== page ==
With great power there must also come great responsibility — and Carson City native Tony Marsella is continuing that legend at a children’s hospital as Spider-Man.
“To bring in therapy dogs or dress up in other costumes are great, but I wanted to go beyond that,” he said. “In my heart, children’s hospitals are an epicenter for creativity.”
While pursuing a degree in kinesiology at William Jessup University in Rocklin, Calif., the 22-year-old Sierra Lutheran High School alumnus is portraying Spider-Man to uplift children at Northern California Shriners Hospital.
His effort has been a success as he made one 9-year-old girl’s dream come true to “meet” Spider-Man in real life earlier this month.
In his costume, Marsella took Shriners Hospital patient, Abigail Westlund, to see the premiere of “Spider-Man: Homecoming.”
Abigail has congenital scoliosis and has undergone 12 surgeries since she was 3, said her mother, Sandee Westlund.
Shriners Hospitals are non-profits and part of the Shriners organization. The hospitals rely on donations from members, corporations, and communities.
There are 20 Shriners Hospitals in the country.
“When he came in as Spider-Man, Abby said she kind of forgot she was hurting,” Westlund said. “It was a special thing for the both of them. To be invited to the premiere of the movie is something my kid will never forget.”
The suit Marsella wears is a replica, designed by Marvel Studios, in which he raised $2,000 through family, friends, and sponsors to obtain from Columbia Pictures and Marvel Studios.
Although he enjoys turning into Spider-Man during his leisure time, his main mission is to make sick children happy. “It’s a way to encourage others to get involved with local hospitals,” he said. “I’m using it to practice how to network, manage money, and fundraise. I want to move on to human resources and raise funds for food, water, and developing technology. I’ve always had a passion for taking care of others.”
His involvement was recognized nationwide as 29 news stations shared his story. Marsella also made an impact to his colleagues at the kinesiology club at William Jessup University and was elected as student body president, said Scott Roberts, professor and chair of the university’s kinesiology department.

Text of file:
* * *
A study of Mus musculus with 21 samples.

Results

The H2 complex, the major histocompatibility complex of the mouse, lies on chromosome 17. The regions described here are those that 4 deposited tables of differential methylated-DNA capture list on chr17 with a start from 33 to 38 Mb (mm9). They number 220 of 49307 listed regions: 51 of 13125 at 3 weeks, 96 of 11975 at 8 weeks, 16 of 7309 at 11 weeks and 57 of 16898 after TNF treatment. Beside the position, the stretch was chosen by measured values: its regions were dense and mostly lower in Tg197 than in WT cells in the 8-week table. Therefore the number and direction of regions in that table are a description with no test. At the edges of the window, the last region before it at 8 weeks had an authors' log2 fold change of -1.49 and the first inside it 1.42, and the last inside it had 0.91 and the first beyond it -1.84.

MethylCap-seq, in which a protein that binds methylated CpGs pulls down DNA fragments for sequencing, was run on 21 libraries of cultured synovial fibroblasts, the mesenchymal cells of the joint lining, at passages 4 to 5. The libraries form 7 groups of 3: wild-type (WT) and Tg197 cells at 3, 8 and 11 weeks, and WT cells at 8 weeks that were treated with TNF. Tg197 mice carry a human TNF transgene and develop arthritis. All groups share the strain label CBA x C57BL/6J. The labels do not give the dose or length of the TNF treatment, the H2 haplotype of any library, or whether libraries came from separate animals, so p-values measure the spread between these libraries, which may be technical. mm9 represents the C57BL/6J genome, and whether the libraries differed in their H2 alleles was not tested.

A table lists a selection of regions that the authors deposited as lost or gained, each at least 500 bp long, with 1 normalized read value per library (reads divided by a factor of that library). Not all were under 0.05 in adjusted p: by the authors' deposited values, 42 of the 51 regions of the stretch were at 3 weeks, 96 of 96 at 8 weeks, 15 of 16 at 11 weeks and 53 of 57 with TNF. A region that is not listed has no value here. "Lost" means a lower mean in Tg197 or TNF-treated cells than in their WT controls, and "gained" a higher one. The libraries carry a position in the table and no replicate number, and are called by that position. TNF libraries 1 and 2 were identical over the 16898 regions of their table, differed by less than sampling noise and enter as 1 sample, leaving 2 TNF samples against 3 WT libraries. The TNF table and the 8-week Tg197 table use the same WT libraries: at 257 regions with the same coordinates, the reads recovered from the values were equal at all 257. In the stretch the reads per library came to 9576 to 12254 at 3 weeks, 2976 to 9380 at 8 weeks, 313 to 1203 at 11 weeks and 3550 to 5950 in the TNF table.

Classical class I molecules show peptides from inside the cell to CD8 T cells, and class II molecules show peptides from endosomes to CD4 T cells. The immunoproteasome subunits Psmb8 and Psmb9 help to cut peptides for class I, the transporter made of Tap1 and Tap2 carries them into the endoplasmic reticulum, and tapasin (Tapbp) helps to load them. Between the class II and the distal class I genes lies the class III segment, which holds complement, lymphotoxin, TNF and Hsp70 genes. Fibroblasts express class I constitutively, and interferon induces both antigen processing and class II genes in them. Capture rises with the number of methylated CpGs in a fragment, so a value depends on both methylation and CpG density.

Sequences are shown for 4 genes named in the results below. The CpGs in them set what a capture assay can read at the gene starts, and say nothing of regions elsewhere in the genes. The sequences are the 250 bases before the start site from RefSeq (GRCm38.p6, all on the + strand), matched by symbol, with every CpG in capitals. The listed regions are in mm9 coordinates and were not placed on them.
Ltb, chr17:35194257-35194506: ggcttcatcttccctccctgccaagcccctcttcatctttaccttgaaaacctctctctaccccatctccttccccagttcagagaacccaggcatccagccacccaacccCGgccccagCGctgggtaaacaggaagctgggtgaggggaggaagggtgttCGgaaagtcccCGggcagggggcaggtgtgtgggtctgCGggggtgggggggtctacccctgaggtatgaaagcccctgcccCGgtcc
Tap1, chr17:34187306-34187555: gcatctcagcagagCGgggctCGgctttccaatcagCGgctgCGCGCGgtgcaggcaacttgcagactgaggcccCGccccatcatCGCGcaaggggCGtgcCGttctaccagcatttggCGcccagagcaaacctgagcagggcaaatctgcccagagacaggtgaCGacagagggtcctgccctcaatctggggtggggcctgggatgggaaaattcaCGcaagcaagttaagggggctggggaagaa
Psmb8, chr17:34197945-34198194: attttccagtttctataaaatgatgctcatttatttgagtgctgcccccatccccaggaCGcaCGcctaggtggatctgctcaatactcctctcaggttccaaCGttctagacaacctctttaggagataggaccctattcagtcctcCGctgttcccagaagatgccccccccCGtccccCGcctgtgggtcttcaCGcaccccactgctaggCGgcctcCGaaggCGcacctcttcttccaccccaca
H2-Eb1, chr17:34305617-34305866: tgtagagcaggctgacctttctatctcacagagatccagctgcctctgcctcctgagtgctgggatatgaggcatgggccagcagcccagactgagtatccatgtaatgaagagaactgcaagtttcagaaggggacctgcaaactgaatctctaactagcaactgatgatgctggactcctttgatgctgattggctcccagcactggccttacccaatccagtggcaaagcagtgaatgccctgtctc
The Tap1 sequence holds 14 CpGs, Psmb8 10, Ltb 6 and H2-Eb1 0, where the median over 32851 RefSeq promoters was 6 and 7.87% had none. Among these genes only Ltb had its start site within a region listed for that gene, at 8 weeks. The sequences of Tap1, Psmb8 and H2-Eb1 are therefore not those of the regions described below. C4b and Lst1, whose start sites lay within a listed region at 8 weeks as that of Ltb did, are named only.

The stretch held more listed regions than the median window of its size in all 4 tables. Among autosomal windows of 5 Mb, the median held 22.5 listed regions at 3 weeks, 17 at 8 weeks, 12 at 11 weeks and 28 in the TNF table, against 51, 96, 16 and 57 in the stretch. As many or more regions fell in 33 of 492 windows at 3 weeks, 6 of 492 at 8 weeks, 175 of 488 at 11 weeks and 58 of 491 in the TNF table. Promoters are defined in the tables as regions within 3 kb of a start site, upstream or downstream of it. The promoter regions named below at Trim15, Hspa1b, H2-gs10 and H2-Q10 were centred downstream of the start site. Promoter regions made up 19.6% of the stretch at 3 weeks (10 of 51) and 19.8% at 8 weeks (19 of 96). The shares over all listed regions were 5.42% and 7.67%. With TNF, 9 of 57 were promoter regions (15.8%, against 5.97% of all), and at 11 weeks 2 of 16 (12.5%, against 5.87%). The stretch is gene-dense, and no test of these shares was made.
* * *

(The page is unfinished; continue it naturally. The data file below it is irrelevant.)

“Tony is the person in life that makes you want to be a better person from just being around him,” he said. “He has boundless energy and just makes people around him feel good about themselves. He is truly a superhero in my book.”
Before Marsella moved to Rocklin, he began his work at Renown’s Children Hospital in Reno before connecting with Shriners.
What inspired Marsella to follow his passion was his four-year illness around the time he was 15.
“I can’t tell you how many nights I had sitting up in bad stomach pains,” he said. “I did blood work, changed my diet, and went to different hospitals before I learned it was an infection.”
During his time of struggle, he took over the situation and looked up to Spider-Man — his favorite hero. “I remember being in my room one day feeling frustrated with my health,” he said. “It was a turning point for me and I went through a world I didn’t know existed. I developed this passion and heart to encourage other kids in the hospital, and thought about how I could get involved.”
After changing life routines, Marsella’s health today is better than ever. After his experience with Renown, he partnered with Northern California’s Sevilla Magic FX, a character and magic show organization, along with A-1 Comics as a sponsor, which donated $1,000 to Marsella to obtain the suit.
Although he visits the hospital on a monthly basis — while making surprise appearances at birthday parties on the side — Marsella hopes to raise more money for the hospital by eventually selling the costume’s web shooters and other technology at Comic Con events.
Although his service is a good cause, one thing Marsella and Spider-Man can agree on is being a superhero isn’t always easy.
“A lot of kids will try to break your character,” he said. “But you got to play along with it.”
But to be a superhero kids can look up to is always rewarding.
“As fun and goofy it can be, I’ve had some intense encounters,” he said. “There are families that are losing their children over a terminal illness, but they still want me to visit them. It becomes a surreal moment but for some reason, I’m able to encourage those families.”